If you took advantage of the first-time home buyer tax credit in 2008, the IRS may have a surprise for you this tax season: Starting this year, nearly half of the taxpayers who claimed the credit will have to give the money back.
If you took advantage of the first-time home buyer tax credit in 2008, Uncle Sam may have a surprise for you this tax season. The Inspector General for Tax Administration announced that about 950,000 -- or nearly half -- of the roughly 1.8 million taxpayers who claimed the credit will have to give the money back.
Why? It’s in the fine print. Under the Housing and Economic Recovery Act of 2008, home buyers who purchased their properties after April 8, 2008, and before Jan. 1, 2009, were eligible to deduct up to 10 percent -- or $7,500, whichever is less -- of the home’s purchase price. But the credit wasn’t a giveaway: The stimulus was meant to act as a no-interest loan, which homebuyers are responsible for paying back over the next 15 years.
The Internal Revenue Service says that eligible taxpayers who bought homes within the specified time period and claimed the maximum available credit of $7,500 on their 2008 federal income-tax returns must begin repaying the credit by including one-fifteenth of the total, or $500, as an additional tax on their 2010 returns. That $500 payment would be required to be made, each year thereafter, until 2024.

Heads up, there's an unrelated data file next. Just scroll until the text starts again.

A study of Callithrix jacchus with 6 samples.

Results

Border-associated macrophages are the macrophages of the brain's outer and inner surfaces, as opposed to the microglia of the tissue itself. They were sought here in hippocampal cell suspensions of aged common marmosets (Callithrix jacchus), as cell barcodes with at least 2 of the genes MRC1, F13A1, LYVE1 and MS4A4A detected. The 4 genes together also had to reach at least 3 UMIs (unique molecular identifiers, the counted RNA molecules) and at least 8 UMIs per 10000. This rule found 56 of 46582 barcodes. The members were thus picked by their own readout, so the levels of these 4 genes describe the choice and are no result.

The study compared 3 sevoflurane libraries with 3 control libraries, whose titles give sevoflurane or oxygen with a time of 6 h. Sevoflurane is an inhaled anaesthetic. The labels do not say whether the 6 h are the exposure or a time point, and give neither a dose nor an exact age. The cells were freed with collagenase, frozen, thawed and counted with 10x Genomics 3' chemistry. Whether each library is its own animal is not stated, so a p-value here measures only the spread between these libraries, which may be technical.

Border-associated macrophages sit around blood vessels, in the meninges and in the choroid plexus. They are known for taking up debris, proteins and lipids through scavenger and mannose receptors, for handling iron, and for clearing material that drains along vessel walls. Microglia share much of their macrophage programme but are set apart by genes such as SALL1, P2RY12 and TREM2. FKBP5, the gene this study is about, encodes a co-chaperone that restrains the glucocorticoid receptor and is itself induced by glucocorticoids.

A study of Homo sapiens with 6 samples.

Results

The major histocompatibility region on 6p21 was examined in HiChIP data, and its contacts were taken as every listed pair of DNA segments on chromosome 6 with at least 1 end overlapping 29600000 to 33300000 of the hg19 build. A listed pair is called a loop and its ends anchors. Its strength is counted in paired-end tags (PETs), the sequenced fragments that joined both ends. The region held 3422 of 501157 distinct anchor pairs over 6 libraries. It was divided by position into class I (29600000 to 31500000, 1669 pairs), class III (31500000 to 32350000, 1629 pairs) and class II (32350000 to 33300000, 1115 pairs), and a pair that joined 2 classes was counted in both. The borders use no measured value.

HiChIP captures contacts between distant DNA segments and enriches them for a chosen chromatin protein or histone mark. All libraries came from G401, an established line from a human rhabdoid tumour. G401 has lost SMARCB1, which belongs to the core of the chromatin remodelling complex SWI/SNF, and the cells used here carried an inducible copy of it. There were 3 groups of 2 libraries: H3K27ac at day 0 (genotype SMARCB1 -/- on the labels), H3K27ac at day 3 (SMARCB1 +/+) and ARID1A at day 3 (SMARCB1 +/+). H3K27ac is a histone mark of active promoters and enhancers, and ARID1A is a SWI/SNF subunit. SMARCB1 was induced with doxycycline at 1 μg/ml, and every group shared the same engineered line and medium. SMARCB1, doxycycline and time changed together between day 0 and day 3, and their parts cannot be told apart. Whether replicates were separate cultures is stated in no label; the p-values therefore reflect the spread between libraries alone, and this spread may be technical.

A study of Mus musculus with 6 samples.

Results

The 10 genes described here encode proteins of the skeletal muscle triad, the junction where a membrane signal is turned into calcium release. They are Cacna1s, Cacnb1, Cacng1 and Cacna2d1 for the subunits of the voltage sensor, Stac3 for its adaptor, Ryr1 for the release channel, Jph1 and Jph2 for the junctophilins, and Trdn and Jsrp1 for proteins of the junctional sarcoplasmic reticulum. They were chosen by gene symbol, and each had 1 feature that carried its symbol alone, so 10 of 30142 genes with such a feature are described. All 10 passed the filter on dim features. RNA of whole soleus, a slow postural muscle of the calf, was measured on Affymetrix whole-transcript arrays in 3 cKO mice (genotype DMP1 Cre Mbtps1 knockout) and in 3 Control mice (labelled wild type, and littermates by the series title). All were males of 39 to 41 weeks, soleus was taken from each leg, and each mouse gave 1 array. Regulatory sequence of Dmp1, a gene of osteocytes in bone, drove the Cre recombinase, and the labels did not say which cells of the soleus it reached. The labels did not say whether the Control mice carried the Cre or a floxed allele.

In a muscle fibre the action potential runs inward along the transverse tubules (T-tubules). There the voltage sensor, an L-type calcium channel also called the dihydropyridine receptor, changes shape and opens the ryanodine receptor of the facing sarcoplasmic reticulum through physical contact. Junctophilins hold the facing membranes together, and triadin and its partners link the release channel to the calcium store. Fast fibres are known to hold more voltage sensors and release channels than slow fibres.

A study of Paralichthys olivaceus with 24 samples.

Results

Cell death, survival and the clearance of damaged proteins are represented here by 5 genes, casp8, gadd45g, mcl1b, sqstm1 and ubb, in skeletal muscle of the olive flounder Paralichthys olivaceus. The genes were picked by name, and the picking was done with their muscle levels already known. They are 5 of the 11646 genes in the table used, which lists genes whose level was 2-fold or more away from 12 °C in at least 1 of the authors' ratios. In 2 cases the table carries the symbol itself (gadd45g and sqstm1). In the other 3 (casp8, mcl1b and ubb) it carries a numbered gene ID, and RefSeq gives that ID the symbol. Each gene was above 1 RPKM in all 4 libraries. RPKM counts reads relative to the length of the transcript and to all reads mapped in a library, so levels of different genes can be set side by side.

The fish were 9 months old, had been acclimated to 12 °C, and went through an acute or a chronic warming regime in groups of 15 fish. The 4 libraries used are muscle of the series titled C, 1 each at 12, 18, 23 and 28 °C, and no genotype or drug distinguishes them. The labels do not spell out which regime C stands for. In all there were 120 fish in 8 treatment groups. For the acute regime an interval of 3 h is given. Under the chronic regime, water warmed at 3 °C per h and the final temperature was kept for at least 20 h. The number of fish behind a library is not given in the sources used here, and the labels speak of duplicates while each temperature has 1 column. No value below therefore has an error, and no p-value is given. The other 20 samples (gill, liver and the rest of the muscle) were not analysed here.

If taxpayers had waited until 2009 to buy their homes, they would have had a true tax credit: Lawmakers extended the credit and made the credit a refund rather than a loan.
According to the IRS, there are some exceptions:
• If the home buyer dies, the remaining annual installments are waived, though a surviving spouse would be required to repay his or her half of the remaining payment due.
• If the home buyer stops using the house as a main residence, the remaining balance owed becomes due immediately in the year the home stops using it.
• If the home buyer sells the home, the remaining balance becomes due on the tax return for the year of the sale. The repayment is limited to the amount of the gain on the sale, if the house is sold to an unrelated homebuyer. If there’s no gain, or even a loss, the payments may be reduced or waived entirely.
• If a home buyer transfers the home to a spouse, or to a former spouse under a divorce agreement, the spouse who receives the home is responsible for making the remaining installment payments.
What should you do? If you purchased your home during the April through December 2008 period and took the tax credit, adjust your withholding or start making quarterly estimated tax payments to cover the yearly $500 payment. If you think you may qualify as one of the exceptions to the rule, or if you’re not sure which tax-credit program your home purchase falls under, ask a tax professional for advice.